Game of visas

Published June 8, 2019, 12:05 AM

by Charissa Luci-Atienza & Bernie Cahiles-Magkilat



Jullie Y. Daza
Jullie Y. Daza

The appeal of a US visa hasn’t changed much between the time of Hitler’s reign of terror and the age of selfies in the Philippines.

When Hitler began exterminating Jews in Europe, the Philippines under President Manuel L. Quezon was the only country that offered them safe haven – provided the US would issue them 10,000 visas to come to their colony, the Pearl of the Orient. (Surely the current embassy’s annual quota is many times more than that.)

“Quezon’s Game” is the most talked-about movie of the season, a pity that it’s being screened when most college students are still out on holiday. The story of how Quezon got the US state department to greenlight 1, 210 visas – out of a request for 10,000 — for Jews to land in Manila before they’d be dragged off to the Nazi death camps is the stuff of legends. So it is a riddle inside a puzzle wrapped in a conundrum that it has not been told more often to more of us. The first time I heard the story was some years ago, when Lin I. Bildner hosted a dinner for a small group of their descendants, now American citizens.

ABS-CBN and StarCinema produced the movie starring Raymond Bagatsing as Quezon, with many of its outdoor scenes shot in the heritage village re-created in Bagac, Bataan. The plot is simple and straightforward, its characters bearing the names of Osmeña, Roxas, Aurora (Quezon), MacArthur, Eisenhower. Filmed like a stage play with the actors interacting within an intimate space, it may lack cinematic width and breadth, but this isn’t about warfare or weaponry but one man’s mission to save thousands of strangers and his frustration at not being able to save more, do more.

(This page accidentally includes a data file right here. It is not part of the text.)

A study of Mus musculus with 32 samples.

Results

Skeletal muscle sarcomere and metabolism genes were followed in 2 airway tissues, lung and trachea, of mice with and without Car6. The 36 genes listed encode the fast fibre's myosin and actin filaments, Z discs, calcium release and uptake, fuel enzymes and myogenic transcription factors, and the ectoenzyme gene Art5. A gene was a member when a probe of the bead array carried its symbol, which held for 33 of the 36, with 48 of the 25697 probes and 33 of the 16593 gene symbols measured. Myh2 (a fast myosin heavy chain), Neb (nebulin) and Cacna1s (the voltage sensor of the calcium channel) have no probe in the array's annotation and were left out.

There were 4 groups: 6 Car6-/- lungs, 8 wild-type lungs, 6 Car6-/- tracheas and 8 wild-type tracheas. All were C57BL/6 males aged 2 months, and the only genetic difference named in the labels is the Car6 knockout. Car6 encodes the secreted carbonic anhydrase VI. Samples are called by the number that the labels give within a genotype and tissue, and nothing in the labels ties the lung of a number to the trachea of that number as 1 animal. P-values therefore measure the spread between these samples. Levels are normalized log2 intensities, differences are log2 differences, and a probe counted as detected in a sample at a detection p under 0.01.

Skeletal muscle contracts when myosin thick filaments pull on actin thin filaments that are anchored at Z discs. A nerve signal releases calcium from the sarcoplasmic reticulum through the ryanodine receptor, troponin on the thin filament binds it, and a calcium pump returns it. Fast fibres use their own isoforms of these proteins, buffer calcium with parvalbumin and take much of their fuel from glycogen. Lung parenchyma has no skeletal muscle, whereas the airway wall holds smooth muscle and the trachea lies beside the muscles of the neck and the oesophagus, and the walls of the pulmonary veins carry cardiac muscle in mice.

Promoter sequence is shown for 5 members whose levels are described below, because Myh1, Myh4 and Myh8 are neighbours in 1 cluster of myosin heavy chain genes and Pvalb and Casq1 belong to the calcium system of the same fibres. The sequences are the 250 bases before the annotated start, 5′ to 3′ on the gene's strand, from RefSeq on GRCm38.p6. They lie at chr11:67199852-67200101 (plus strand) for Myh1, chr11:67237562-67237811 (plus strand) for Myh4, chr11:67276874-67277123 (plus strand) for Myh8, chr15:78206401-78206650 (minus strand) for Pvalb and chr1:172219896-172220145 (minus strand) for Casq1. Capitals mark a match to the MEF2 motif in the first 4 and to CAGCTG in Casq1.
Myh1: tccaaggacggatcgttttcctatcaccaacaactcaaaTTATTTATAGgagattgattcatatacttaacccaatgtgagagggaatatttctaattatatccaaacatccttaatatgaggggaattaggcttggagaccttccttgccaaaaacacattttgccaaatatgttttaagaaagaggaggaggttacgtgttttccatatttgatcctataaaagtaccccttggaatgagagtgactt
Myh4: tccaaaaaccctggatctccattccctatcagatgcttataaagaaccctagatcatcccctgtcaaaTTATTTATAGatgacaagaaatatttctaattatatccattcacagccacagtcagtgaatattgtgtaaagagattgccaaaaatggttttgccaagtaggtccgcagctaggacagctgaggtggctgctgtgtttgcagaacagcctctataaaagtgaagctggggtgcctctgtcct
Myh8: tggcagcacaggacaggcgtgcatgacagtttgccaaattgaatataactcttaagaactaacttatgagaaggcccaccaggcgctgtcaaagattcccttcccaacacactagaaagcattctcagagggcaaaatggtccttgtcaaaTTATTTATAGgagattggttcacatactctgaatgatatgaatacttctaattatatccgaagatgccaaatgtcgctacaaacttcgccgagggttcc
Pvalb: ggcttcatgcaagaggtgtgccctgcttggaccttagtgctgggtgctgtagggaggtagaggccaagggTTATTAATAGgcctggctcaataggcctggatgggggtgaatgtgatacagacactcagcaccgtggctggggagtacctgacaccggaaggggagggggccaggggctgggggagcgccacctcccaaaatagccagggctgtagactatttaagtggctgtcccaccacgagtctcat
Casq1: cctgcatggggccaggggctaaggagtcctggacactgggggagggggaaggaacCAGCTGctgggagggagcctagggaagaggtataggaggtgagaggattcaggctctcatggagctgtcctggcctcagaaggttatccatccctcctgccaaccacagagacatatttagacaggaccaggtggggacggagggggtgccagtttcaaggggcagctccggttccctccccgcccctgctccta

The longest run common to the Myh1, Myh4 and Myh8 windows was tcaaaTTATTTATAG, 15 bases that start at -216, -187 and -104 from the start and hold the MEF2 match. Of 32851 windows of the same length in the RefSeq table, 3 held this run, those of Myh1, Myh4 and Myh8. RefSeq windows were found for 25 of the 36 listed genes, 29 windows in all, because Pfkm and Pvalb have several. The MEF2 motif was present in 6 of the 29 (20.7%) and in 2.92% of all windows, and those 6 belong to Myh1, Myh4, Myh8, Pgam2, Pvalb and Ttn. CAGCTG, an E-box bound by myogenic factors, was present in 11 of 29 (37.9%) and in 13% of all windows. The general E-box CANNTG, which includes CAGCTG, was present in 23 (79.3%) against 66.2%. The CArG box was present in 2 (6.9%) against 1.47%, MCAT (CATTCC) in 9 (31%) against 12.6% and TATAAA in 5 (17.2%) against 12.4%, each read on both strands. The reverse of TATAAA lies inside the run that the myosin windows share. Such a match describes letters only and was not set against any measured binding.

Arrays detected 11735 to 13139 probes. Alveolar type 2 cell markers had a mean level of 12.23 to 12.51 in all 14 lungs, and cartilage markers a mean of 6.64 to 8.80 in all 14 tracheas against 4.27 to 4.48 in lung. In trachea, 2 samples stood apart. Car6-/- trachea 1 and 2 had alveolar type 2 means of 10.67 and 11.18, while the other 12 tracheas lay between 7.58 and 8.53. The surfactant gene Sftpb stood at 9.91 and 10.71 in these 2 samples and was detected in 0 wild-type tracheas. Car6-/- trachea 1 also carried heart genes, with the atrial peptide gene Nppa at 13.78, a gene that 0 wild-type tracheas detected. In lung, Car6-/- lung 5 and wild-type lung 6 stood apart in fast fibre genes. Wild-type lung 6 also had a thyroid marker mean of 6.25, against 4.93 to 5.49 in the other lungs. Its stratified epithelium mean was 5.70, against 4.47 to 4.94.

The surprise is Raymond B, a veteran actor whose time to name his price and next role has finally arrived. That he and the movie have won several awards in international film festivals should come as no surprise to movie fans AFTER they have watched Quezon’s Game. “I needed to see this,” said a former colleague when we met after the screening. Her eyes began to tear up: “Why didn’t our history books ever teach us this part about our history?”